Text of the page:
When I was in high school, all those years ago, being a nerd, or a geek, was a painful thing. We were the outcasts, the forgotten ones who couldn't get a date to save our lives, and for whom the future seemed certain to be a blur of solitary days and nights spent coding.
Over the years, as my lot in life improved, it occurred to me from time to time that I should go back to that school, take a few of these unfortunate souls aside, and give them the good news: Sure, today you're alone and miserable, but someday the world will be yours. Someday, those jocks who stuffed all those freshman boys in garbage cans and lockers or who laughed at the girls with big glasses and awkward hairstyles will be the ones writing out the insurance policies on your BMW.
But today, I don't have any need to go and deliver this message of hope. Today, the geeks are absolutely owning. If it's not a 21-year-old founding Facebook, it's a teenager figuring out how to untether an iPhone from AT&T's grasp and getting worldwide attention for it.
And don't get me started on how rich, famous and popular the Google guys are.
These days, in fact, geek men can even get dates. And lots of them. In my crowd, it's the guys with brains--not looks--who attract the most desirable women. If you can program Linux--and can carry on a conversation--I know a dozen women who would love to spend time with you.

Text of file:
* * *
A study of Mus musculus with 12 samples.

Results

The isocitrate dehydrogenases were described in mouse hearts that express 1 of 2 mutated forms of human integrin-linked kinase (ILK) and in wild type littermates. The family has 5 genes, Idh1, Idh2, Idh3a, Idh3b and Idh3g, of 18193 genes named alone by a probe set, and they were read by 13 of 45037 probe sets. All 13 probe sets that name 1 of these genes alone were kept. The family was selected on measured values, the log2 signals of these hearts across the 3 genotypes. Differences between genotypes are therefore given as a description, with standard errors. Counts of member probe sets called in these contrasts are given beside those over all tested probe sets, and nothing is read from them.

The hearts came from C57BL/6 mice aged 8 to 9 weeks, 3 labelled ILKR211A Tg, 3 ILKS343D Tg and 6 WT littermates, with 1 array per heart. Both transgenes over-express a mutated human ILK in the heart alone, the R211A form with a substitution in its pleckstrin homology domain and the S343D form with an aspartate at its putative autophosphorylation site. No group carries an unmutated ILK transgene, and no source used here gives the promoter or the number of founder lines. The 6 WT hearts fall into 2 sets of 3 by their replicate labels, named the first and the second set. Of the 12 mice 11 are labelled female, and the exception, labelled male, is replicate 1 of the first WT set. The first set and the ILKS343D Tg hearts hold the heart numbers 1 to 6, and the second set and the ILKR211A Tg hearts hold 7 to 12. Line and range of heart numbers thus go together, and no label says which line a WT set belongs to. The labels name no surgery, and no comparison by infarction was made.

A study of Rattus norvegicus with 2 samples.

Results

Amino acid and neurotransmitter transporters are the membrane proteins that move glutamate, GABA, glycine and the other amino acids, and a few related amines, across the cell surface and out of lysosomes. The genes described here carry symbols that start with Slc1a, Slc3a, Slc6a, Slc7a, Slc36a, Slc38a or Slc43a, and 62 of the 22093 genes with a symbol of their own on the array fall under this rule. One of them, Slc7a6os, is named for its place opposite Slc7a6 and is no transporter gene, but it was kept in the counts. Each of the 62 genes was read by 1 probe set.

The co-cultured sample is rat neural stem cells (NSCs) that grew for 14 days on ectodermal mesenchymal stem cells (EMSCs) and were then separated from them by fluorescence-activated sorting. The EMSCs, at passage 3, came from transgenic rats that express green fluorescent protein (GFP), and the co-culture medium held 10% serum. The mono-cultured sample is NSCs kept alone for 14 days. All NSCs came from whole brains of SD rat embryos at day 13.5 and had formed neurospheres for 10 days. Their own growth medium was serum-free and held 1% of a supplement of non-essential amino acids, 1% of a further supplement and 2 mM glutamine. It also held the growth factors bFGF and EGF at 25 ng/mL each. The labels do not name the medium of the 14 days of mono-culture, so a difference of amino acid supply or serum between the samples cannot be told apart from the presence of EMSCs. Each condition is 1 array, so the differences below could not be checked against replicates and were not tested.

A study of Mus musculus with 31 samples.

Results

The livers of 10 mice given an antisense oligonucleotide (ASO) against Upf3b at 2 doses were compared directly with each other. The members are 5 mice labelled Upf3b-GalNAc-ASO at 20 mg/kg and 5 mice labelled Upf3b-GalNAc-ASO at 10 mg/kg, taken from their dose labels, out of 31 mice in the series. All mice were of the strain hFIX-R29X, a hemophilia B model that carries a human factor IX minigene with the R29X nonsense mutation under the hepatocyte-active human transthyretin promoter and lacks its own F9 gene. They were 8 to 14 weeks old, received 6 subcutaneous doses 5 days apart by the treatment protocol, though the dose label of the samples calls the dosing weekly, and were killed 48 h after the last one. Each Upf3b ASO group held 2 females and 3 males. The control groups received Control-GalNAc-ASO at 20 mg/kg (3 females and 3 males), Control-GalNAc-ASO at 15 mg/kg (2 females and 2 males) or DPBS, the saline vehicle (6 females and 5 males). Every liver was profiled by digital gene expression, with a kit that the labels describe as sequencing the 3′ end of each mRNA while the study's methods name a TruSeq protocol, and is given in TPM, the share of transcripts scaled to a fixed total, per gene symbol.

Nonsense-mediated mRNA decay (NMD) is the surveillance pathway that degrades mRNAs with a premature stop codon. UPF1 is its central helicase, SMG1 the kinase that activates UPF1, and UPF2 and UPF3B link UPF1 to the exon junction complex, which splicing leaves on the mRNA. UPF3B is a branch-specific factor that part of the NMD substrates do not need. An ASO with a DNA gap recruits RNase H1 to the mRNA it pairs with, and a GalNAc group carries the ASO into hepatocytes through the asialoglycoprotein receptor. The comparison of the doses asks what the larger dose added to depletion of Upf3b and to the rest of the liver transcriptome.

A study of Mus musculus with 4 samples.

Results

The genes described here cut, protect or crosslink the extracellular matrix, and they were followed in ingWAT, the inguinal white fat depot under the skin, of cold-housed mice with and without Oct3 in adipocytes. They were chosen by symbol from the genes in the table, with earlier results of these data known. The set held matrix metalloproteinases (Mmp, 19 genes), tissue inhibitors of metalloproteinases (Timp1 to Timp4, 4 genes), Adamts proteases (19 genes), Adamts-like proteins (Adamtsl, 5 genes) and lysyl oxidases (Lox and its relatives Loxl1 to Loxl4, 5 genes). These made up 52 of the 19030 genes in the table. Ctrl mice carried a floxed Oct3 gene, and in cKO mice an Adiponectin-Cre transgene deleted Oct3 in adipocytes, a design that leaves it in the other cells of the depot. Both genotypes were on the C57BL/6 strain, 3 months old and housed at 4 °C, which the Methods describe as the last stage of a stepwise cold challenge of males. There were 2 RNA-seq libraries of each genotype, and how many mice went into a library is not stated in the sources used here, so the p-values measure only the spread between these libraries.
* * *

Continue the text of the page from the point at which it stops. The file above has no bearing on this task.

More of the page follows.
And it definitely works the other way, too. Women like Violet Blue, Irina Slutsky, Xeni Jardin and others are waving the geek flag loudly and proudly, even as they surely must have to fend off an endless stream of suitors enamored of their understanding of tags and blogging and programming.
I'm not trying to say that the benefits accruing to being a geek today are all about love, money or popularity. Rather just that geeks now have a place in the world like never before and the culture that has sprung around us is exciting.
Basically, and if you're reading this you've probably already come to this conclusion, this is the best time ever to be a geek. Maybe it's because technology and mainstream culture are now married, where they used to be only the most formal of acquaintances.
Whatever the reasons, this blog is going to be a celebration of geeks and the culture that surrounds them. (I mean us.)
And what is "geek culture"? Well, it can be anything, and will be. LEGO communities? Check. Fire art collectives? Definitely. Video game and virtual-world developers? Natch. LOLCats, airplanes, Cirque du Soleil, Rubik's Cube, Google Earth, mashups, Segway polo and do-it-yourself anything and everything? Absolutement!
And if you're interested in any of those things, this blog is for you. I invite you to send me suggestions of things you'd like to see covered here, and I hope you will return again and again to see what trouble I'm getting into, and to join in the conversation.
Of course, this is not really new, for you or for me. I've been writing about geek culture for more than two years for CNET News.com, and this merely is the formal labeling of the beat.